Microsoft is joining with some other tech companies to form a new organization dedicated to making a set of standards for Internet of Things devices. The group is called the Open Connectivity Foundation and also includes Cisco, Electrolux, General Electric, Intel, Qualcomm, and Samsung as founding members.

Microsoft said:

"We have helped lead the formation of the OCF because we believe deeply in its vision and the potential an open standard can deliver. Despite the opportunity and promise of IoT to connect devices in the home or in businesses, competition between various open standards and closed company protocols have slowed adoption and innovation. Much like W3C manages the standards for the World Wide Web, the IEEE sets electrical engineering standards and the UPU sets the global postal code – standardization can help consolidate industry attention and create opportunity, via an agreed upon set of protocols that move industries and the world forward."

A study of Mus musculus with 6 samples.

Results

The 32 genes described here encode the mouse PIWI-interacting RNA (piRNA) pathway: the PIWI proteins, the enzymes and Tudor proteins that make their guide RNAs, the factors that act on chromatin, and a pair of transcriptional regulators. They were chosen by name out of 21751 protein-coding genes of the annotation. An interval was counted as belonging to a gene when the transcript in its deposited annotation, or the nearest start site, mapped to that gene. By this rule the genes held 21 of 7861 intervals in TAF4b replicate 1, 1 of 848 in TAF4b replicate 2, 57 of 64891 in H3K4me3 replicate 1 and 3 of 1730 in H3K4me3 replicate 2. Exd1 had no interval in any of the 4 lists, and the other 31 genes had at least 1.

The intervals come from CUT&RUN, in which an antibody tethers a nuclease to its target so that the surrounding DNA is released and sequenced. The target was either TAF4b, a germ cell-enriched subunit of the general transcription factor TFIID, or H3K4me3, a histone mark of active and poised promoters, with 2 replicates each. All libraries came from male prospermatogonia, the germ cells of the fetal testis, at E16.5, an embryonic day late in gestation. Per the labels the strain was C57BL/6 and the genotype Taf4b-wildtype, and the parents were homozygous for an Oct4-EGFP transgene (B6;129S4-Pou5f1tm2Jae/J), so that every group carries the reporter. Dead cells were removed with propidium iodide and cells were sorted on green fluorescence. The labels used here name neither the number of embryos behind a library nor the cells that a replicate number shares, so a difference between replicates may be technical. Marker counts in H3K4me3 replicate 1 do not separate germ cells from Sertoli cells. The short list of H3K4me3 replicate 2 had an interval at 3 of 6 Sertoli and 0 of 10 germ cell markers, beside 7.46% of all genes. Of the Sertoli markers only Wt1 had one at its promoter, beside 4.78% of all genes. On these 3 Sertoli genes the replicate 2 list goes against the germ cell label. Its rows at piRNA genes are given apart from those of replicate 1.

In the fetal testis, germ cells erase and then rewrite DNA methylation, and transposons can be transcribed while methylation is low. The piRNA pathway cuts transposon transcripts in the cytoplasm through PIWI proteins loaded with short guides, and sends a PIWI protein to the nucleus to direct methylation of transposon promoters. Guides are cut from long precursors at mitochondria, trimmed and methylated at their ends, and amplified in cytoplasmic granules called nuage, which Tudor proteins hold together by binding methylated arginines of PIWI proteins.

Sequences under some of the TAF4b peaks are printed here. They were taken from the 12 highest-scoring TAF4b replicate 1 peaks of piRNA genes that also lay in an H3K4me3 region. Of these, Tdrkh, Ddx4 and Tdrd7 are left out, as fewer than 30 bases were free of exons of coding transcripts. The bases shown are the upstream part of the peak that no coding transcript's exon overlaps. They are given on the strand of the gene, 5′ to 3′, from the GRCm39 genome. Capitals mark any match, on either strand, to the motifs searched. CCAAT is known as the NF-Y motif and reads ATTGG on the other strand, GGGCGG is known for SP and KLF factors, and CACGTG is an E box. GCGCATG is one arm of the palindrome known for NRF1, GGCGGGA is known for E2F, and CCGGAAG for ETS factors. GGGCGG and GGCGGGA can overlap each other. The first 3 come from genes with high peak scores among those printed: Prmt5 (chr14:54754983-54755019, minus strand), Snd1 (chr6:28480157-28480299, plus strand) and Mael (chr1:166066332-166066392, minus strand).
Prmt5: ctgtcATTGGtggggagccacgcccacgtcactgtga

Microsoft pledged to support the standards of the OCF in Windows 10, adding, "The OCF standards will also be fully compatible with the 200 million Windows 10 devices that are "designed for AllSeen" today."

Source: Microsoft

9 Comments
  • They should have to reopen the Stores in Pakistan , as they closed the Nokia Care points???
  • You should have to stay on topic.
  • They must be feared of all the terrorists roaming in the streets of Pakistan...
  • Oh shut up please
    You have no right to degrade any country
  • The whole world knows that Pakistan is home to all the terrorists...
  • So this sounds like a good and necessary thing although we don't really know what it means yet. What does it mean to the AllSeen Alliance? And btw. what IS going on with AllJoyn? It is one thing to have those API's built in, but there seems to be only very few apps and manufacturers out there who truly support it. Anyone know?
  • I hope that they consider SECURITY as part of their standard!  Consumers plug these things into their LAN without knowing anything about security.  Very dangerous.
  • I'm with you, this can turn into a slippery slope very fast.
  • 'Closed company protocols' So they mean Apple for the most part then?